Real Seeing

Grace in the Process

Grace in the process

A dad is a teacher. He models and instructs. Like it or not (’cause sometimes I don’t), a message is being delivered to his kids. Some ways of thinking in the end keep me from moving forward, however. Whether it’s my supposed perfectionism, man pleasing tendencies, or my personal over-analyzing problem, I run out of gas and stall out…right in front of my kids. This counter-productive thinking does not help. Fear does not help. There’s way more grace in the teaching process than I think.

As a teacher, I know there are hundreds of books on “correct” pedagogical procedures, and how to speak and prepare, etc (ad infinitum). It can be hard for me to filter and more than a little overwhelming. This is why people say, “find the way that works best for you, and do that.” This method seems too subjective and relativistic and is hard for me to accept (though I seem some truth in it). Isn’t there a formula?? Well, that’s just it. Many purported methods make big claims, but they use algorithms and formulas and statistics to create the most effective method. In that case, the student might as well be a robot. So how do you know which is which? Doesn’t this stress you out? Yeah, me too.

But there’s more grace in the process than I think.

So what is grace? It can be understood as “unmerited favor” – something given to an undeserving recipient. What if it could also be understood as “freedom to fail” or “freedom to experiment?” This might seem odd, but the concept of freedom pushes away from its antonyms (about which I have been alluding). It is as if I allow myself to be enslaved to a notion of “correctness” devoid of any real meaning. To be correct is to do what we believe to be right. But it is at this moment that we forget that the concepts of being correct and right don’t just pop out of thin air. The question is why is this thing correct and that thing incorrect? Why is that thing right and the other wrong?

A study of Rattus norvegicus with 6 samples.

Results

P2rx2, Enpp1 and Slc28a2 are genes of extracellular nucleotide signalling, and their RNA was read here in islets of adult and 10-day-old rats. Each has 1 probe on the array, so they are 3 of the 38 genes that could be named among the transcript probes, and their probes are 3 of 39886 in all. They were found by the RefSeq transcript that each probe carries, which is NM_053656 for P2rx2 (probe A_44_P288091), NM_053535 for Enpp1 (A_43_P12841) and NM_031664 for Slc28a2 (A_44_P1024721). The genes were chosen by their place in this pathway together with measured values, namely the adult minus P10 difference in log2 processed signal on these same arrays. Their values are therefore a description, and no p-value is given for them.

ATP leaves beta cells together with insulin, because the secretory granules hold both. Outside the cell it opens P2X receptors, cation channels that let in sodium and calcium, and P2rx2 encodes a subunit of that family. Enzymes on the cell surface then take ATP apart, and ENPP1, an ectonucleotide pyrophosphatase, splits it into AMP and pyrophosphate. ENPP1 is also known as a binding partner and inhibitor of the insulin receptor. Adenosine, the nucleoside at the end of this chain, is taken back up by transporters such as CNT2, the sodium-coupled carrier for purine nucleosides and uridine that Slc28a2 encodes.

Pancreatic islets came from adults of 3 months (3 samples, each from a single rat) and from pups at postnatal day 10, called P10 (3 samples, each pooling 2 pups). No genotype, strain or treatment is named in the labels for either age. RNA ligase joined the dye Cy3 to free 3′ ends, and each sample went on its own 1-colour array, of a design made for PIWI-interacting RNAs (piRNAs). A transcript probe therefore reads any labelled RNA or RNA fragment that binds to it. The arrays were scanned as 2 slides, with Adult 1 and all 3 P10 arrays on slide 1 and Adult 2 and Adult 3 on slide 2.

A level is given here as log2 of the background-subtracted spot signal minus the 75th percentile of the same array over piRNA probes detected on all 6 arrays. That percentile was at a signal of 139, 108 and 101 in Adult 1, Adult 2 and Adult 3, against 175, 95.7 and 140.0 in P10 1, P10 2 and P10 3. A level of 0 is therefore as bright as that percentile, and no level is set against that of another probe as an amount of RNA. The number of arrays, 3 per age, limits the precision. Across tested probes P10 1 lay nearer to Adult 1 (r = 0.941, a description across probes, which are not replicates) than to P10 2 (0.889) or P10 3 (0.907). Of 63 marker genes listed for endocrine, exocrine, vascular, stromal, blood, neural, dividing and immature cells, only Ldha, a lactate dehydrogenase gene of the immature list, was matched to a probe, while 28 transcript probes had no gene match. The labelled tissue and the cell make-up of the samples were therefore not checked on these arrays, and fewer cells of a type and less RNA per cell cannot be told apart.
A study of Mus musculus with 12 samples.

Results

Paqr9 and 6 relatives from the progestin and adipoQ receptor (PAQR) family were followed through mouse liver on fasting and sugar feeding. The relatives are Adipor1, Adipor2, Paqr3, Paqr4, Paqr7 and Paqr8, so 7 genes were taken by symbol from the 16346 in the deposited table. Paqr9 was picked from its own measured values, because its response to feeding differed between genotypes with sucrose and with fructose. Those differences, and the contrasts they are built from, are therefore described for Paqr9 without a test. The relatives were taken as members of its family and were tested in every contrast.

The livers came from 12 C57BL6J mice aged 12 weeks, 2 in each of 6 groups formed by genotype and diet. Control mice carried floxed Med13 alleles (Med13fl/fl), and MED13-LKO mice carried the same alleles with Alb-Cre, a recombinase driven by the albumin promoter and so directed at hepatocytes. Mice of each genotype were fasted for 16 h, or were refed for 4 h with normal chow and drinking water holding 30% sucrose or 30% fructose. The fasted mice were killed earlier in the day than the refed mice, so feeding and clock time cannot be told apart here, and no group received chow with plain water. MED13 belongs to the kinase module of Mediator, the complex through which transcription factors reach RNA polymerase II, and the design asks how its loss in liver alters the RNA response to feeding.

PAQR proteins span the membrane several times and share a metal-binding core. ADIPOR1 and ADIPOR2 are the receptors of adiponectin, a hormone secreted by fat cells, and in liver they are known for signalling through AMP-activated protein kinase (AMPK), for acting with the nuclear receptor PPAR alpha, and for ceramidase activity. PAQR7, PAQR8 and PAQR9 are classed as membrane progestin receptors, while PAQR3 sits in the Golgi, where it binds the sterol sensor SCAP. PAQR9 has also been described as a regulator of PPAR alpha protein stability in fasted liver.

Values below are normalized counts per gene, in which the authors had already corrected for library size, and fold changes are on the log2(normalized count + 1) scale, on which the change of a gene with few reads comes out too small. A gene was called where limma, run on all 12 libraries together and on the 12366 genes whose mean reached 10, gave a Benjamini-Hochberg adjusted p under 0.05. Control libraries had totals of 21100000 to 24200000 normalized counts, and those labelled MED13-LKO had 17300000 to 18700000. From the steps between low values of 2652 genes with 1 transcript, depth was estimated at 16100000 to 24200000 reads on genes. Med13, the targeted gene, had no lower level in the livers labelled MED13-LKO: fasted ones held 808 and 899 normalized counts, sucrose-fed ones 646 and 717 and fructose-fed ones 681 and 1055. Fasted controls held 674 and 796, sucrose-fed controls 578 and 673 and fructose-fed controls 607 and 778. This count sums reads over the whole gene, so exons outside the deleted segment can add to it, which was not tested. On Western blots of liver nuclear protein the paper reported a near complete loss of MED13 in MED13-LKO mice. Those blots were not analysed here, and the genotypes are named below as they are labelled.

I’ll use education. Why do we educate our kids? Your answer will define and color how you do it. Take the lecture model. Does it educate? Depending on what you mean by education, the answer could be either yes or no…or both! Ultimately, though it’s not just the definition that’s the problem.

What about this? As an educator, is my desire to pontificate or proliferate?

One is selfish, the other selfless.

Teaching should come from a place of rest. This fascinating concept is descriptive of some of the best teachers, and includes the fact that there is grace in the process. It is rest because you know the material, yes, but it is also rest because you can only nurture, not grow a soul. It is rest because you are not anxious about saying the right things at the right time, according to the latest expert. It is rest because you are not overwhelmed by perfect timing or having the best examples. Rest comes from trust, and if your desire is to multiply, your efforts will be in helping students grow. You will watch carefully and help divide their thoughts in a healthy way, as they make connections they have never made before. The result of this desire to proliferate may not be what you expect.

While there may be some rules to follow in a classroom, they should be undergirding rules to help facilitate thinking and good character. As a dad, if you have rules, they should be undergirding rules to help facilitate the same – thinking and good character. A dad is a teacher, but there is grace in the process. Your goal is to help facilitate good thinking and good character, and your path is through your own skills and personality, not through mine.